We've made educational videos that schools can show their students.
Ever since that day last spring when a group of Minnesota teenagers and young adults overdosed on a synthetic substance none of us had ever heard of, this news organization has focused on understanding a new wave of drugs with the hopes of preventing other overdoses and deaths.
Our reporting has taken us from the Twin Cities suburb of Blaine to a small town in Oklahoma to national drug labs in Washington, D.C. It has revealed how deceptively dangerous these synthetic drugs are, why they are so readily available, who is profiting from their sale, and how difficult it is to crack down on dealers.
We've enlisted the help of local labs, drug experts and forensic computer sleuths to help us with our reporting.
Along with our readers, our journalists have learned that these drugs, from synthetic marijuana to bath salts and other substances, have taken over communities with unprecedented speed, leaving law enforcement officials, health officials and parents ill-equipped to respond.
We're proud of this body of work, which can now be found online at www.startribune.com/lethaldose.
At the same time, we've come to the sobering realization that neither local nor national law enforcement officials will be able to keep this problem in check without broad and sustained educational efforts.
For that reason, we are making educational videos with excerpts from some of our reporting available to schools across the state of Minnesota.
We paid a vendor to manufacture 350 DVDs containing two videos -- each of about five minutes long -- warning about the dangers of synthetic drugs. One of those videos featured powerful, firsthand accounts from four teenagers who watched a friend overdose on synthetic drugs at the house party in Blaine.
Their friend died from the experience. These young people decided to publicly share their memories of what happened that night in March 2011, and what they learned from the experience, with the hope that others would learn from this tragic event.
The other video featured interviews with Dan Moren, the Drug Enforcement Administration's top representative in Minnesota, and Cody Wiberg, executive director of the Minnesota Board of Pharmacy, discussing the growing problems caused by synthetic drugs and explaining what these substances are and how they affect the body.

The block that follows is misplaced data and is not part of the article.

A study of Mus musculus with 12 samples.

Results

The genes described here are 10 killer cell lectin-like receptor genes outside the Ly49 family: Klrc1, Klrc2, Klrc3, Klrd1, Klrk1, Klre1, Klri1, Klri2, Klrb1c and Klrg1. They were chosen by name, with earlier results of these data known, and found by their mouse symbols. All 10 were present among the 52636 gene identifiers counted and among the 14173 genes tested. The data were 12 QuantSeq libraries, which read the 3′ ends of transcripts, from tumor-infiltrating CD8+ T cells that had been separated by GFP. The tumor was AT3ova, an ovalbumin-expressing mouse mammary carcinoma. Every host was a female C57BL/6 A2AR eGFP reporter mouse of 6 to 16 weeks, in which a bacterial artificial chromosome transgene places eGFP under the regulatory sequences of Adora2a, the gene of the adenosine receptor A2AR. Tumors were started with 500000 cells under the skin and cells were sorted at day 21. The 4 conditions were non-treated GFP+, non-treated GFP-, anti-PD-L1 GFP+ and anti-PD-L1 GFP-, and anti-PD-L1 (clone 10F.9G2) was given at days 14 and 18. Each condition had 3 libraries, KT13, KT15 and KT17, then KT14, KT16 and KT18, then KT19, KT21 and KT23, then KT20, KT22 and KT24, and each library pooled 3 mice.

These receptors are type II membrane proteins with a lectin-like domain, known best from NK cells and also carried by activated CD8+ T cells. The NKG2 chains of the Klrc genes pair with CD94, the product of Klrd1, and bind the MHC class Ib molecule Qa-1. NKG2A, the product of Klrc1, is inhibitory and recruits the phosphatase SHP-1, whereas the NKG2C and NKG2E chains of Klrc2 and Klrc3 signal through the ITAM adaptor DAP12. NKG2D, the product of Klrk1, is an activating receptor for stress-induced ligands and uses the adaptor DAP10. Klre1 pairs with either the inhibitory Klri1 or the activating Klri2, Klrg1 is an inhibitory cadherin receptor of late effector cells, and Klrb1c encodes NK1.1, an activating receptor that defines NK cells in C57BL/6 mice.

This week, we distributed 257 DVDs to high schools. Most of them arrived on Wednesday, when they were delivered with the newspapers we bring to 217 schools as part of our Newspapers in Education program.
We also mailed out copies of the DVD to every large high school in the state, typically those with more than 1,000 students.
To raise awareness of this project and make sure that the appropriate people in these schools and others knew what we were doing, we worked with the Minnesota School Counselors Association, which sent out an e-mail blast to 733 members last Monday, inviting counselors to request the video.
Within minutes of delivery, we started hearing back from school counselors, with one asking for as many as 10 copies of the DVD. At the same time, the counselors wrote us about their own struggles with synthetic-drug use at their schools.
They cited many of the reasons we have already identified: The drugs often don't show up on urinalysis tests; they are incredibly easy to acquire, and students mistakenly think that synthetic drugs are safe because many are technically legal.
Clearly, this is a battle that will be fought in the trenches for some time to come.
We urge parents to talk to their teenagers about the scourge of synthetic drugs. And we'd like to invite other organizations to make broad use of our reporting that is already available online; we will gladly make our DVD available to any other organization that might have need of it for education purposes.
Finally, we'd like to say thank you to the young adults who worked with us on this project. Hopefully, their willingness to speak out will help save a life.
The Opinion section is produced by the Editorial Department to foster discussion about key issues. The Editorial Board represents the institutional voice of the Star Tribune and operates independently of the newsroom.